National Trust accused of 'fire sale' of community buildings near Hardwick Hall
The National Trust has been accused of launching a ‘fire sale’ of historic community buildings a stone’s throw from the turrets of Hardwick Hall.
Trust bosses have already sold the Mission Chapel at Hardstoft and will now auction off the old Stainsby School to ‘the highest bidder’.
The Victorian building had been been earmarked as the ‘last possible site’ for a community hub serving the rural area – and the move has come under fire from parish councillors and trustees of the Stainsby Festival.
Coun Tony Trafford, festival chairman and a member of Ault Hucknall Parish Council, said he was ‘furious’ about it.
He said: “The parish council was promised a long time ago by the National Trust that it would work in partnership to establish a community hub for the hamlets.
“The trust has done nothing for nine years, during which the building has deteriorated.
“Despite overtures from the council, nothing has happened and now we have discovered they are going to sell to the highest bidder.”
The National Trust has defended its decision, which it says ‘will enable us to continue to protect and preserve’ Hardwick Hall for ‘generations to come’.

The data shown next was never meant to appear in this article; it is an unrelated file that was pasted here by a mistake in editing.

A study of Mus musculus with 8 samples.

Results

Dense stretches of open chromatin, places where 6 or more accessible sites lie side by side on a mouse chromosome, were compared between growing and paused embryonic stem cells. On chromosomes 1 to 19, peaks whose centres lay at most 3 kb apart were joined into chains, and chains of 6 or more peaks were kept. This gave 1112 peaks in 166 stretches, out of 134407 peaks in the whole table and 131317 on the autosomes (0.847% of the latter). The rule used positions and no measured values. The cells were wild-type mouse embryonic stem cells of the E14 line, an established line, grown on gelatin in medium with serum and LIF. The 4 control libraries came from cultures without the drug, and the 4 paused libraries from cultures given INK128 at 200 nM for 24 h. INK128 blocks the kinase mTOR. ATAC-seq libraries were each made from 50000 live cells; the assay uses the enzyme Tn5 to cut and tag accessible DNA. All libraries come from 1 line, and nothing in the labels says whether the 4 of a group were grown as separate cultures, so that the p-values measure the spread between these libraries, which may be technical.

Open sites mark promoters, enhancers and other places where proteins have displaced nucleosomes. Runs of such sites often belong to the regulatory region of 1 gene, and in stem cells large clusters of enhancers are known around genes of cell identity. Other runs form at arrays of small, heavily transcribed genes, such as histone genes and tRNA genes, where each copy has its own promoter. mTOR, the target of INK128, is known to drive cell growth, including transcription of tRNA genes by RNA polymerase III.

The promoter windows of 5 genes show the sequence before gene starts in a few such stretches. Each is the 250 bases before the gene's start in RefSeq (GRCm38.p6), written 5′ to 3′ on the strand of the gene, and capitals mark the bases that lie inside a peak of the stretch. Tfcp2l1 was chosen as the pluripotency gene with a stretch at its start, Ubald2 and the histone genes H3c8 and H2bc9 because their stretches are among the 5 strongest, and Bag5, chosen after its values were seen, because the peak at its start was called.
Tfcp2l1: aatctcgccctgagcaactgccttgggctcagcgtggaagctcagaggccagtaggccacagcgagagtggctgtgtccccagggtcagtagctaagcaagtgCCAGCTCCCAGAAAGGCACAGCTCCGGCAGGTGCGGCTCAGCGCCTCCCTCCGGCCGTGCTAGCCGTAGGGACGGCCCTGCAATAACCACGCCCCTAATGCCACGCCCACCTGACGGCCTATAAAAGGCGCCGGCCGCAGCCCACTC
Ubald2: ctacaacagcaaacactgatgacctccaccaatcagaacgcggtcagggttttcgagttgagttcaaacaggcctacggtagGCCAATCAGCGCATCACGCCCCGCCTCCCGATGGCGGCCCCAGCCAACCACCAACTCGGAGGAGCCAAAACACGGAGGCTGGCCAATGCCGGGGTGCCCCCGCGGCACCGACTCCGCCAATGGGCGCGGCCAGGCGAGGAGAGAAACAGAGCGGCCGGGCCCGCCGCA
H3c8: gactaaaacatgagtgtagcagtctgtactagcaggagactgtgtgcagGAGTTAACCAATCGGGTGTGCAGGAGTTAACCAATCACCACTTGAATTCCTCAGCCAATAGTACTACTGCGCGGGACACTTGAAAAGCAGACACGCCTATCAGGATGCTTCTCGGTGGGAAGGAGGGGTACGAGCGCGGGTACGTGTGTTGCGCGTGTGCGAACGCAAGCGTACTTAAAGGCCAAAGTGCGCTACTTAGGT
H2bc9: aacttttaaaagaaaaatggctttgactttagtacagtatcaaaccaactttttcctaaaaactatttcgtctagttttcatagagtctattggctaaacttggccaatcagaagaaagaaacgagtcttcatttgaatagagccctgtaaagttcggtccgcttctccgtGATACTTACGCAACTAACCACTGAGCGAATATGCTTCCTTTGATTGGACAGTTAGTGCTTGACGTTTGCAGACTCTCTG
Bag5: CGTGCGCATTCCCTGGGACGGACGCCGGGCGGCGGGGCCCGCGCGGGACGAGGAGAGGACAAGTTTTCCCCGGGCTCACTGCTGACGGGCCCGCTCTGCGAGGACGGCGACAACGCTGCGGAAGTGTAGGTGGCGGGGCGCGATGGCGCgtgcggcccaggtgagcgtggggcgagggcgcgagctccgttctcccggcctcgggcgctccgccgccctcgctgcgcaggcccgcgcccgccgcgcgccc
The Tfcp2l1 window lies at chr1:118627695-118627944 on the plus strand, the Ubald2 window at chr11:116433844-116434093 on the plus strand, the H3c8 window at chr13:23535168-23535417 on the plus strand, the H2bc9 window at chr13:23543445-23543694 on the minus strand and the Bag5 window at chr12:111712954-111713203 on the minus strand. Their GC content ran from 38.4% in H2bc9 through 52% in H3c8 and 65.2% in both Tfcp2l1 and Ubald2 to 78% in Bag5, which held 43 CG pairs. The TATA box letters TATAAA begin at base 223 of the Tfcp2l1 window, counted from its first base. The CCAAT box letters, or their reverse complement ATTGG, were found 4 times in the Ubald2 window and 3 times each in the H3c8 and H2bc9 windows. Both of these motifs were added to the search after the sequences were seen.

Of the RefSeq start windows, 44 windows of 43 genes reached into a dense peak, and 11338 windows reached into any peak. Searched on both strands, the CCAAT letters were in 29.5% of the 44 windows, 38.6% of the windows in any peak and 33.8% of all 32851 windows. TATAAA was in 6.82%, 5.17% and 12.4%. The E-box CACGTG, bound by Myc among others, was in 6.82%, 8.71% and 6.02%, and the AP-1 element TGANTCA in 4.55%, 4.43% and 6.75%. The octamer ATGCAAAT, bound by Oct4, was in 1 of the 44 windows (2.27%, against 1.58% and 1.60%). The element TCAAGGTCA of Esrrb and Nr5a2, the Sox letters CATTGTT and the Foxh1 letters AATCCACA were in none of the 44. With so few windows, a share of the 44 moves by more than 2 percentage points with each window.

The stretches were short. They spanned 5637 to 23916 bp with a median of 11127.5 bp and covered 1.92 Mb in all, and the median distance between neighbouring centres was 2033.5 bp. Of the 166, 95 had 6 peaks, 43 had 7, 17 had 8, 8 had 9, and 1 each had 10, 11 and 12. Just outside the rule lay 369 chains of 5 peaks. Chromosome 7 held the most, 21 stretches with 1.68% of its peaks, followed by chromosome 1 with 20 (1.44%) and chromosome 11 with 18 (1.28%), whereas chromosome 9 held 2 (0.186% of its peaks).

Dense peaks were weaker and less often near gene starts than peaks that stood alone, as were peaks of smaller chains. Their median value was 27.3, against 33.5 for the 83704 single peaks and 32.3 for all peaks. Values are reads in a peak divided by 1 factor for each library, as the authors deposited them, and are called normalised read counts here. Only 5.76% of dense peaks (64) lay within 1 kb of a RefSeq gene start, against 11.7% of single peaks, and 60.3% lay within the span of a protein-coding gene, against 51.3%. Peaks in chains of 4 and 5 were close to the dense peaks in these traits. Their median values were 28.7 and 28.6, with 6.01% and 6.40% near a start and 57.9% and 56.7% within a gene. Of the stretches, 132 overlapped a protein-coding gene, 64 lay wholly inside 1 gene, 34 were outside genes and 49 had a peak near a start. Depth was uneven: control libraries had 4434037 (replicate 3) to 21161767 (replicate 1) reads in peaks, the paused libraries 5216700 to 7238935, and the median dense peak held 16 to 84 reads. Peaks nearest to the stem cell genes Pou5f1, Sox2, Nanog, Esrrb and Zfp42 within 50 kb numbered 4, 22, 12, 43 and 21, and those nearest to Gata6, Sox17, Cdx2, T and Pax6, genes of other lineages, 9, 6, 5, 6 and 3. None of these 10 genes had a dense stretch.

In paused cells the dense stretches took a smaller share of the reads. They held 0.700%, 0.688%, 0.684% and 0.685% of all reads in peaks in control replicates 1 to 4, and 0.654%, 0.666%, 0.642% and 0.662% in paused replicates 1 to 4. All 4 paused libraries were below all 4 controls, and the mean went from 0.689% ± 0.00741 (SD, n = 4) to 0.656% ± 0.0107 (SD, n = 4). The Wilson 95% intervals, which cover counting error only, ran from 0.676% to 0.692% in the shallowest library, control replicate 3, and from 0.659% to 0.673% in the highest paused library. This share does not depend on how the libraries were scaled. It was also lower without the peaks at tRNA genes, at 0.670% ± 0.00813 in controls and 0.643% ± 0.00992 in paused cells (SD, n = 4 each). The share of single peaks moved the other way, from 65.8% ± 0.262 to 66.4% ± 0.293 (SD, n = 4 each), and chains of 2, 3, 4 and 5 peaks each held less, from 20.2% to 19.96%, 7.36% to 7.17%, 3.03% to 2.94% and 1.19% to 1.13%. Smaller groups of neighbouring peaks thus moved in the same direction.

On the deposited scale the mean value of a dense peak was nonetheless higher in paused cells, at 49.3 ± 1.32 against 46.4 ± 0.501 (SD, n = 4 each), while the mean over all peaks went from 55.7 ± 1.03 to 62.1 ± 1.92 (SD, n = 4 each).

The chapel and school are both located on the Hardwick estate – which covers a mostly rural area of farmland and hamlets surrounding the 16th Century Elizabethan former home of Bess of Hardwick.
Coun Trafford said: “The National Trust owns all the land, including the farms, and it has been a long-held ambition to create a community hub.
“They are the richest charity in the country, but are refusing to accept a reasonable offer from the parish council, which would also benefit another charity in the Stainsby Festival.
“This is the last possible site for a community hub and the trust’s stance is very sad.
“It also means the Stainsby Festival will be homeless as we used it as a base.”
Dr Hugh Ellis, a trustee of the festival, a music and arts event held on fields overlooking Hardwick Hall, said the move amounted to a ‘fire sale’.
"This decision represents a new low point for a national organisation that should be the guardian of all of our heritage,” he said, in an article on the festival’s website.
A National Trust spokesman said: “In 2019, the National Trust at Hardwick conducted a thorough review of vacant buildings.
"As part of this review the decision was made to sell the former Stainsby School, which has been vacant with no defined use for a number of years.
“We can confirm the property has now been put on the market and, as agreed with our professional advisors, it is being sold by public auction on October 14.
“As a charity, and in line with the Charity Act, it is our responsibility to ensure we achieve the best possible outcome from the sale.
"All proceeds will enable us to continue to protect and preserve the Elizabethan Hardwick Hall, gardens and grounds for generations to come.”